ITHACA, N.Y. — Ithaca Assemblywoman Barbara Lifton is leading a group of lawmakers in urging Gov. Andrew Cuomo to shutter “non-economic coal plants” across New York state and pursue upgrades to transmission lines as an alternative energy solution.
Lifton said in a conference call with reporters on Wednesday that the state should help pay for economic transitions for communities, like Lansing, that would be affected by power plant closures.
Lifton recognized that the power plant — which says it wants to retrofit to natural gas — has a major impact and enjoys substantial support from many members of the public.
“Obviously, there are great pressures at the local level. Municipalities don’t want to lose the tax revenue from the power plants … and school districts are affected as well, and there are jobs,” Lifton said.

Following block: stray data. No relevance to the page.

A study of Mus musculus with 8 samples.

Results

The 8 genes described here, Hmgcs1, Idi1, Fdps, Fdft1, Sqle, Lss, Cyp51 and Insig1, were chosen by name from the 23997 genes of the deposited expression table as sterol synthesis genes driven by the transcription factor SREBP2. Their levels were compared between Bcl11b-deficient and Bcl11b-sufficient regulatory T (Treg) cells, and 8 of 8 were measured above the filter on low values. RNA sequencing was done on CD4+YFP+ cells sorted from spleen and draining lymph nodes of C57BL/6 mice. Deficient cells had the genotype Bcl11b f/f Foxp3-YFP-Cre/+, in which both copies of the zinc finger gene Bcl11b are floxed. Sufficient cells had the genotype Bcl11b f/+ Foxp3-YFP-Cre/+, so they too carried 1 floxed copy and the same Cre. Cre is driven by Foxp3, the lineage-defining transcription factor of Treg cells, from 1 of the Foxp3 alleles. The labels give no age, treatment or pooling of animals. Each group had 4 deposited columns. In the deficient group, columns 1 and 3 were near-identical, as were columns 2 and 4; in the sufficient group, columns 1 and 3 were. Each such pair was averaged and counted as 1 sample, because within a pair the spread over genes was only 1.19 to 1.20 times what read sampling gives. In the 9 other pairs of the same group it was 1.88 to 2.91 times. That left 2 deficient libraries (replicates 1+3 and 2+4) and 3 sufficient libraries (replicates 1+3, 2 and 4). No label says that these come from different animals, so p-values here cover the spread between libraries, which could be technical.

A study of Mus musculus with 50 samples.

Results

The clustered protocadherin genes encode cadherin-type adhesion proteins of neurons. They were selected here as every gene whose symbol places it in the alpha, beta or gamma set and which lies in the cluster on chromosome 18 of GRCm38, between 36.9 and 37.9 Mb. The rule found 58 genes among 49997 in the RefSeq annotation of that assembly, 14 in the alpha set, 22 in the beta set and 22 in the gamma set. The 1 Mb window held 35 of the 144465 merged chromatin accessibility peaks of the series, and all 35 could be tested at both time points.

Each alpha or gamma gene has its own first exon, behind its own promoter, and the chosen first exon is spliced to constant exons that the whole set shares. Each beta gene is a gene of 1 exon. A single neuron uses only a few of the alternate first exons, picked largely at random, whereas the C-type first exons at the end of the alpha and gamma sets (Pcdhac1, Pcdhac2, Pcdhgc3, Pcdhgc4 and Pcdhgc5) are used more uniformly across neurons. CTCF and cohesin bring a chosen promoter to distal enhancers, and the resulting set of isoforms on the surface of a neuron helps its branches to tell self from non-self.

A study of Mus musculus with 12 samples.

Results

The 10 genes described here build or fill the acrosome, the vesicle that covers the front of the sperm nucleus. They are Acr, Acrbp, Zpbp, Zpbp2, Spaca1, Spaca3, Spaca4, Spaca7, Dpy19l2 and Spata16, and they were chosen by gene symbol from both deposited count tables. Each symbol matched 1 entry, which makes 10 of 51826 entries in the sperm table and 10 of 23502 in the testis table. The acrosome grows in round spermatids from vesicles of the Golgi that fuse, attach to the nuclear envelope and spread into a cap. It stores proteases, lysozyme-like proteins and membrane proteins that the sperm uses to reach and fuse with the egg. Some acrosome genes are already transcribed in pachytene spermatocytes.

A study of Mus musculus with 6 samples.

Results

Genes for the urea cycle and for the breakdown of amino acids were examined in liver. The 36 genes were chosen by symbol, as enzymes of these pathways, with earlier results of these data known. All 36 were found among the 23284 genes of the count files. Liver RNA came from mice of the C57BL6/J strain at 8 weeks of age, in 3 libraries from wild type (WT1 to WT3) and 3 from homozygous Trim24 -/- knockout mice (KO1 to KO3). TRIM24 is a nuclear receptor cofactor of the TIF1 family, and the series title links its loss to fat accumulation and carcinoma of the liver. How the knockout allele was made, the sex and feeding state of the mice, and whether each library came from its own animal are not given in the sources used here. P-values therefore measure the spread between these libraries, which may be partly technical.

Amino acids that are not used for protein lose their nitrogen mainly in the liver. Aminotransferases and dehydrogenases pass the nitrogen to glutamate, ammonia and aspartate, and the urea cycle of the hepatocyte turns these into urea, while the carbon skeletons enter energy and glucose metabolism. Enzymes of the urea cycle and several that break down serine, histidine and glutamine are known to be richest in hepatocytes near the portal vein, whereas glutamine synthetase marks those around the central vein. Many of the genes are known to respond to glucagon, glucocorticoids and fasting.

“These are very important considerations at the local level, which is why my letter calls for strong state support” to offset the impact of the plant’s closure, Lifton said.
Lifton did not identify exactly how the state could help Lansing make up for the lost economic impact of the plant, but she did point to both the New York Power Authority and the state’s overall budget as possible funding sources.
“We don’t need to present a false choice between dirty energy and helping our communities,” Lifton said.
Lifton was joined on the conference call by Irene Weiser, a member of the Caroline town board, and a representative from the environmental firm the Sierra Club.
She touted a letter to Cuomo she said had been signed by more than 70 elected officials.
“Low cost transmission upgrades can ensure power reliability across the state while retiring our state’s coal fleet and better facilitating renewable energy,” the letter states.
“The only economically and environmentally sound option seems to be the closure of the plant, in conjunction with a real and robust transition plan to support local communities that would suffer the loss of critical tax revenue and jobs.”
“The state must be prepared to phase out non-economic coal-fired power plants to meet critical state and federal climate change goals, while not sacrificing critical funding for all affected municipalities, including schools.”